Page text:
Sexy Colin Kaepernick SHOWS OFF His Tatts For GQ’s September 2013 Issue
San Francisco 49ers quarterback Colin Kaepernick graces the cover of GQ September edition. The sexy NFL player shows off his tattoos, talks about his racial identity and his adoptive parents.
Here are the highlights:
Colin Kaepernick on reliving his bad plays on-field:
“All my life, I’ve had these flashbacks, these dreams, nightmares, daymares, like visions, where I relive certain plays,” he says. It’s never the highlight reel stuff. Just the junk. “Only the bad plays. I see them over and over, as if somebody’s rewinding a tape and forcing me to watch. Some of these are recent.” The three goal-line incompletions that preserved Baltimore’s slim lead as time dwindled in the Super Bowl play frequently and vividly. “But some of them go back to high school. Every time I relive these mistakes of mine, I’m also forced to ask, What could I have done different? What decisions could I have made? This stuff haunts me, but I like it, because it makes the game hard. And the more I study, the more comfortable I feel with what a defense is going to do.”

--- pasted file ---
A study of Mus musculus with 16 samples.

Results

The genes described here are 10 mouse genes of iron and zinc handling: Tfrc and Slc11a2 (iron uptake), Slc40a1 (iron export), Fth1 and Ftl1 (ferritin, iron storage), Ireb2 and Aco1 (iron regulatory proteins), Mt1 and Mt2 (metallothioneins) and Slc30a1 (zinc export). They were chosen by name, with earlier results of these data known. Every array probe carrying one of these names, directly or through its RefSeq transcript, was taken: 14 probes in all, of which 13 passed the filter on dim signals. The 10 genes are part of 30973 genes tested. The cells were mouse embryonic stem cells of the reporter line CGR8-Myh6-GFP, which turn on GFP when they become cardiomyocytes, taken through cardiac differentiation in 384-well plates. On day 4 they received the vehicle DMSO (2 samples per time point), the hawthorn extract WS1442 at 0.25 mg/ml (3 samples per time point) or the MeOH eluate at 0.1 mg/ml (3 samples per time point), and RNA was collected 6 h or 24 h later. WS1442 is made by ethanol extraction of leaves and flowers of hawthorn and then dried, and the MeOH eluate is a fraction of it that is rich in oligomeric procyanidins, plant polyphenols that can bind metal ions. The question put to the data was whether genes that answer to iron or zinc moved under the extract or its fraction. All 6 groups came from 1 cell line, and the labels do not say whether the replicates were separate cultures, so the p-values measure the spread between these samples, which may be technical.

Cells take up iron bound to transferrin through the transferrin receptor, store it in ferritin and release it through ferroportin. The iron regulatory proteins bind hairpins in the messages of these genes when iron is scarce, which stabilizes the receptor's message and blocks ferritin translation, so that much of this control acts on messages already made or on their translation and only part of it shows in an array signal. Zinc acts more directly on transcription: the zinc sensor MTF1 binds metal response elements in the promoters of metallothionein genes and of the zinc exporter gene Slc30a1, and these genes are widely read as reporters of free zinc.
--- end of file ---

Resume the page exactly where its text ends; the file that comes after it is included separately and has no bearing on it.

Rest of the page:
Colin on the camaraderie of football, and preferring it over baseball:
“You know what I love most about this game? You know what I miss the most when I’m away from it? Being around my teammates. That’s it! Growing up, when I dreamed about playing in the NFL, it was never about being famous, never about the roar of the crowd. It was about the other players, because there is no other sport where you rely on your teammates so much. The fact that you can go out there and trust ten other people without even looking at them, that’s amazing. That you can build that type of trust and have that type of confidence where you can throw a ball without seeing where a receiver’s at, and just trust he’s gonna be there and make a play… Do you know what that feels like, to know those guys have my back and not worry about that? I couldn’t feel any of that as a pitcher. On the mound it was just me and the batter. And the questions were all about me: What can I do to throw him off? What can I do to beat him? But there was not that trust, that feeling of others relying on you. That feeling of ‘It’s just you’–I didn’t like that.